In the Media
News & Observer publishes Dean McDiarmid column on poverty, schools
News & Observer, December 14, 2011
Dean Bill McDiarmid brings to public discussion the impact of poverty on student learning outcomes in a guest column in the Dec. 14 edition of The News & Observer of Raleigh.
McDiarmid explores data that describe a relationship between student poverty levels and schools’ performance. He cites an international study that demonstrates
- In schools in which 10 percent or less of the student population lives in poverty, U.S. schools rank No. 1 in the world.
- In schools in which 75 percent or more of students live in poverty, U.S. schools rank next to last, ahead of only Mexico.
Researchers have demonstrated that stressors, including those found in families that live in poverty, cause biological reactions in children that can affect their capacity to develop thinking skills.
“Well-designed school experiences and well-trained teachers can help some children develop cognitively to compensate for being raised in a high-poverty home. For too many children, however, these experiences and teachers are unavailable or inadequate and, as a result, they never catch up to their more affluent peers,” McDiarmid writes.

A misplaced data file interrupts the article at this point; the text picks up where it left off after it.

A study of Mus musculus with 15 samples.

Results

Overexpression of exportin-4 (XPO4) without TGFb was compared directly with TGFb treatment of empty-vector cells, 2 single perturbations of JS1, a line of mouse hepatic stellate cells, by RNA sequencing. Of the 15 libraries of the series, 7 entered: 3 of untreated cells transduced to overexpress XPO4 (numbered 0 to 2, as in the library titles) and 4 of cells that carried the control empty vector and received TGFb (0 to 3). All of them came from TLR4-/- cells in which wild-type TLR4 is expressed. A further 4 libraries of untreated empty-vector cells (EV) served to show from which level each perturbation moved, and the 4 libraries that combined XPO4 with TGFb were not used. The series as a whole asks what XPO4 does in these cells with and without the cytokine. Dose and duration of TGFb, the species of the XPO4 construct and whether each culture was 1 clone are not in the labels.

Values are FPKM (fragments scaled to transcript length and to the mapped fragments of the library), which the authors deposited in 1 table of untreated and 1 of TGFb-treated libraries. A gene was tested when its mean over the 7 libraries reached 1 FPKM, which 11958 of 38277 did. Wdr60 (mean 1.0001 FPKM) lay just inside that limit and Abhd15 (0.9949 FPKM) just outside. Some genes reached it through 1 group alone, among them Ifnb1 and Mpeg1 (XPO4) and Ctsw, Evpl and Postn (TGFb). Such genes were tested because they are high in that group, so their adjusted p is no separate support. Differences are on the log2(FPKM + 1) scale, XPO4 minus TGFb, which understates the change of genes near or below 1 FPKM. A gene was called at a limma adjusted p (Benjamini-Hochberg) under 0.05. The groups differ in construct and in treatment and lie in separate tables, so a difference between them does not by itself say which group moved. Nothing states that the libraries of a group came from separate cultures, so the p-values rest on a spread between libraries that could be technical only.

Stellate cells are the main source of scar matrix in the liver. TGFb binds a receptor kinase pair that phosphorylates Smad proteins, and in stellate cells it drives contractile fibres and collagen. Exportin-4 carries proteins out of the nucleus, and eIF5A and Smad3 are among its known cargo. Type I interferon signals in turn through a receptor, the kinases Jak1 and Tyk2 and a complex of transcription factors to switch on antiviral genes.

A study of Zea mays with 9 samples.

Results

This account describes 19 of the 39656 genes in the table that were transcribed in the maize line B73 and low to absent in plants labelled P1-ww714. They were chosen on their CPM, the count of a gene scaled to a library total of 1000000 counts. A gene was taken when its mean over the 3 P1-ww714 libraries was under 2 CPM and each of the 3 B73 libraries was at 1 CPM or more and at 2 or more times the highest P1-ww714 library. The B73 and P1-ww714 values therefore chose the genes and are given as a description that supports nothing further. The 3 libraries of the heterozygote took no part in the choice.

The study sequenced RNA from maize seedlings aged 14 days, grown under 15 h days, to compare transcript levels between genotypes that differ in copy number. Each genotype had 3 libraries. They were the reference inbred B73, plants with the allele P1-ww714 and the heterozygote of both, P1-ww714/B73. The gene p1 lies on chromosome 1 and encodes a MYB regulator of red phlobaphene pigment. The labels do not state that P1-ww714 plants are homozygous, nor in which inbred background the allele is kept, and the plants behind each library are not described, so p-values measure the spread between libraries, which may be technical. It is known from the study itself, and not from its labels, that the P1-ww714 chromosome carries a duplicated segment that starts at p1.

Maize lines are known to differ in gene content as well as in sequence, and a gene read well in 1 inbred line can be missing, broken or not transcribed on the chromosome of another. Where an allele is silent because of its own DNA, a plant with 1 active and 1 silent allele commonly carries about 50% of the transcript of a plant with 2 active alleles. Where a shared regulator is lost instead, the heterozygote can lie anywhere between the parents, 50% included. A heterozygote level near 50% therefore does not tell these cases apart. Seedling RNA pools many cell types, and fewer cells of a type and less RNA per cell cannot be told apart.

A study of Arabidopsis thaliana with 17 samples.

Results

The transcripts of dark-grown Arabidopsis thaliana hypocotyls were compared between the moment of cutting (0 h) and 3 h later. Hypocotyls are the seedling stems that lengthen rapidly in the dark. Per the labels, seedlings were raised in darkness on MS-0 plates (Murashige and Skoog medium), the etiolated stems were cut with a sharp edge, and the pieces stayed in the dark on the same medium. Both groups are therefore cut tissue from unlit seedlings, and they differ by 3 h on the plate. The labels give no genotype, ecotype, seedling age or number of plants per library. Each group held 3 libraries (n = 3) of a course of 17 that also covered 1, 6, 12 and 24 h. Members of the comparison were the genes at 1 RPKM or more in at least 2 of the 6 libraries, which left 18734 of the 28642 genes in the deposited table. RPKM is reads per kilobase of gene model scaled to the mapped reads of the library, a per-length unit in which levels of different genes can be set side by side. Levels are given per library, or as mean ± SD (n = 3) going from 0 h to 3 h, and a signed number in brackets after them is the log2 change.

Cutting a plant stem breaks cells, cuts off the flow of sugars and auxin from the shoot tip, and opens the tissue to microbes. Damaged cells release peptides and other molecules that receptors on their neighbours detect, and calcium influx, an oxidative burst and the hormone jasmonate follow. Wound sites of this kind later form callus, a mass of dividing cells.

While the public and policymakers profess to believe all children should have access to a full education, we are not getting the programs and supports designed to alleviate the stresses impoverished families and their children are experiencing, he says.
“The long-term health of our society dictates the need for a statewide and national conversation – grounded in solid research and our democratic ideals – about how we support our most vulnerable children,” McDiarmid concludes.